One look at the name Sengoku BASARA Samurai Heroes and it’s immediately apparent that the game in question hails from the East. You wouldn’t need to see the name to know that though, one look at this Dynasty Warriors style Samurai title is enough to prove that the distinctive style of Samurai Heroes isn’t for everyone.
As you’ll notice immediately, Sengoku BASARA Samurai Heroes resemblance to the never ending KOEI series Dynasty Warriors is striking. I personally have a problem with said series, namely that it’s a repetitive, one-note game where slashing through thousands of identical enemies is less fun than being forced to review 5 shovel-ware Wii games in a week. Despite this though, I actually enjoyed Samurai Heroes, even if the comparisons to said series are too many to count.
You begin the game by choosing one of around 15 characters, each of which uses a unique weapon throughout their story campaign. This increases the game’s length considerably, although most people will prefer to play as just one of the characters throughout. The weapons vary greatly, one character may be wielding a knife, another his bare fists or maybe even a huge ball and chain. The variety is welcome, as every player responds differently to different play styles, exactly what is needed to control some of the larger weapons on offer here.
What each weapons share however is the ability to hack through an endless amount of enemy units. Even when just using your fists, enemies drop like flies around you, your combo meter increasing with every death. This aspect of the game is where Dynasty Warriors fans will feel right at home, taking out enemy leaders spread across the map in order to defeat a central foe, taking down hundreds of nobodies on the way. But that said, tasks within each of the missions make this less of a chore than expected.
One early mission has you working your way around a central platform in order to lower bridges so you can reach the end goal. With enemy leaders that respawn as you move across the map, you have to carefully time which bridges to lower first in order to reduce your chances of being overwhelmed by foes. Another mission sees the final boss appearing in repeatedly more troublesome spots for you to defend yourself in. Here you have to use the huge amount of backup you have on your side throughout all missions, though their AI, like that of the enemies, leaves a lot to be desired.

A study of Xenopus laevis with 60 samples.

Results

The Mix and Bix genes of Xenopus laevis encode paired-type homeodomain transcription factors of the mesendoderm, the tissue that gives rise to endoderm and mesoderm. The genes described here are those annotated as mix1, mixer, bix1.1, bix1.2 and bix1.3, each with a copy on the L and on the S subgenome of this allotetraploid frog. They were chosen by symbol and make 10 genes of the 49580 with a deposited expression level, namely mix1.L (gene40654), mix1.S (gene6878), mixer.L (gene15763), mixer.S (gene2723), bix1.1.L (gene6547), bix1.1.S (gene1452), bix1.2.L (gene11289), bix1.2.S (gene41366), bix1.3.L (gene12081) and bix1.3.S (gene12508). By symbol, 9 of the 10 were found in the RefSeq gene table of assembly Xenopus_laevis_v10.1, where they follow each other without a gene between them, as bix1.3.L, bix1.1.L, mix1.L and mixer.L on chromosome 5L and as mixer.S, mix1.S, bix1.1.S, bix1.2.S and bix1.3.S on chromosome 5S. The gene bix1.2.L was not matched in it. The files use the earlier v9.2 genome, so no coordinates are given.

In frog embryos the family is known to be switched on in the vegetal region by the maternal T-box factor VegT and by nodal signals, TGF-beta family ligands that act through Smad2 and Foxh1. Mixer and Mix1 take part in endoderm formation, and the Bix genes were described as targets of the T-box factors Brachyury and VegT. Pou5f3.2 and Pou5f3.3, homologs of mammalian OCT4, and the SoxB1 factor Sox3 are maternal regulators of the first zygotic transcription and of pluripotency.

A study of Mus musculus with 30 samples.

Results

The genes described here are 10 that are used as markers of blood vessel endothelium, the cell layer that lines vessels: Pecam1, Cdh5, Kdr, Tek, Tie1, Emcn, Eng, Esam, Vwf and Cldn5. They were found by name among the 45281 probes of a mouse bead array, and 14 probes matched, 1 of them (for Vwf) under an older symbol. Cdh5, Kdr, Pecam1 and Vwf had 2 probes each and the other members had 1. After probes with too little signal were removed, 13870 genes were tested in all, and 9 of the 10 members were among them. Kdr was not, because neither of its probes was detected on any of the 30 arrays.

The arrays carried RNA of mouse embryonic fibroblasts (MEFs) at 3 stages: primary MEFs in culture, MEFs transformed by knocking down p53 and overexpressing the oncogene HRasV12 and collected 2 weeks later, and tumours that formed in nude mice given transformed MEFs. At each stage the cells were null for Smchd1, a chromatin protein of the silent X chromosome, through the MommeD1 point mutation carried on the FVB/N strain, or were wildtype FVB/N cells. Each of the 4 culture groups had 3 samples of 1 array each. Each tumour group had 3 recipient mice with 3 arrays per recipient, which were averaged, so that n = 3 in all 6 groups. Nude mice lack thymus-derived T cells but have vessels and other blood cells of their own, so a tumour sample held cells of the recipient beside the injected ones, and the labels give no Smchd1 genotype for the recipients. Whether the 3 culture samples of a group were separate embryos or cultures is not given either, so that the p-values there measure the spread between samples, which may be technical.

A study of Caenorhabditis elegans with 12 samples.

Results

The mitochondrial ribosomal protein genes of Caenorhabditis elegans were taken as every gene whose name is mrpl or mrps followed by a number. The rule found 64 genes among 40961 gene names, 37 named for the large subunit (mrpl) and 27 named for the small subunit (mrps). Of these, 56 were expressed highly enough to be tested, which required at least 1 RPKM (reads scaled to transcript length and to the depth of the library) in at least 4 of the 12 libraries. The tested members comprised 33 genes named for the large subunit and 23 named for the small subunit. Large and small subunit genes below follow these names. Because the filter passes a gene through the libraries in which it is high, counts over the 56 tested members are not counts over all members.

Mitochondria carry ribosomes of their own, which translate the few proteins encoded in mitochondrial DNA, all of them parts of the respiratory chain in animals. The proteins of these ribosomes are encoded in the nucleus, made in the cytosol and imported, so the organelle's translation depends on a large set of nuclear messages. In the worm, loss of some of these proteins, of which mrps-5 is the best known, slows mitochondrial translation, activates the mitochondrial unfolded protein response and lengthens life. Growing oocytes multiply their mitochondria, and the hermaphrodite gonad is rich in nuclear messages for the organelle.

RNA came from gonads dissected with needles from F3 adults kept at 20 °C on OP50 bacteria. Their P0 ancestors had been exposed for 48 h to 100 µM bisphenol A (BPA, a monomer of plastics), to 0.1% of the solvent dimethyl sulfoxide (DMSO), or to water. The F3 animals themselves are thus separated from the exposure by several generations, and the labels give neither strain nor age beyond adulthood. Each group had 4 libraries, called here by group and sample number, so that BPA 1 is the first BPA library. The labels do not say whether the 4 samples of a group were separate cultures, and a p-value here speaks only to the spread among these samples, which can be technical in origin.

This is where the game begins to break down, even when missions are slightly more interesting than others the combat never quite moves past the early one-note beginnings like you would hope. Motion controls are saved for special attacks which are too infrequent to be of much use anyway, which means you should be ready for mashing the A button repeatedly to continue your assault on these enemies. Your combo meter does little more than provide some more bright colours to the screen, this being taken to extremes every time you take over an enemy camp, the combo rocketing dramatically as and unexpected explosion knocks everything down.
It’s in these hectic moments where the game’s colour palate really shines, the most impressive aspect of the visuals here. The game has a distinctive anime style that’s suitable for the limitations of the platform. That said, no amount of vibrancy can cover sluggish combat animations and a set of enemies that look identical from start to end. Technically decent, the sound design achieves much the same level of quality as the graphics.
The overall feeling you are left with after playing Sengoku BASARA Samurai Heroes is that of a missed opportunity. Certain aspects of the game are genuinely enjoyable, such as the mission structure and experimenting with the different weapons on offer. But for the same reasons why a fair amount of people find Dynasty Warriors to be a painful experience, the button mashing that makes up most of Samurai Heroes will become a chore to play. There are people who will find a lot to enjoy here, just not enough to make it a must buy.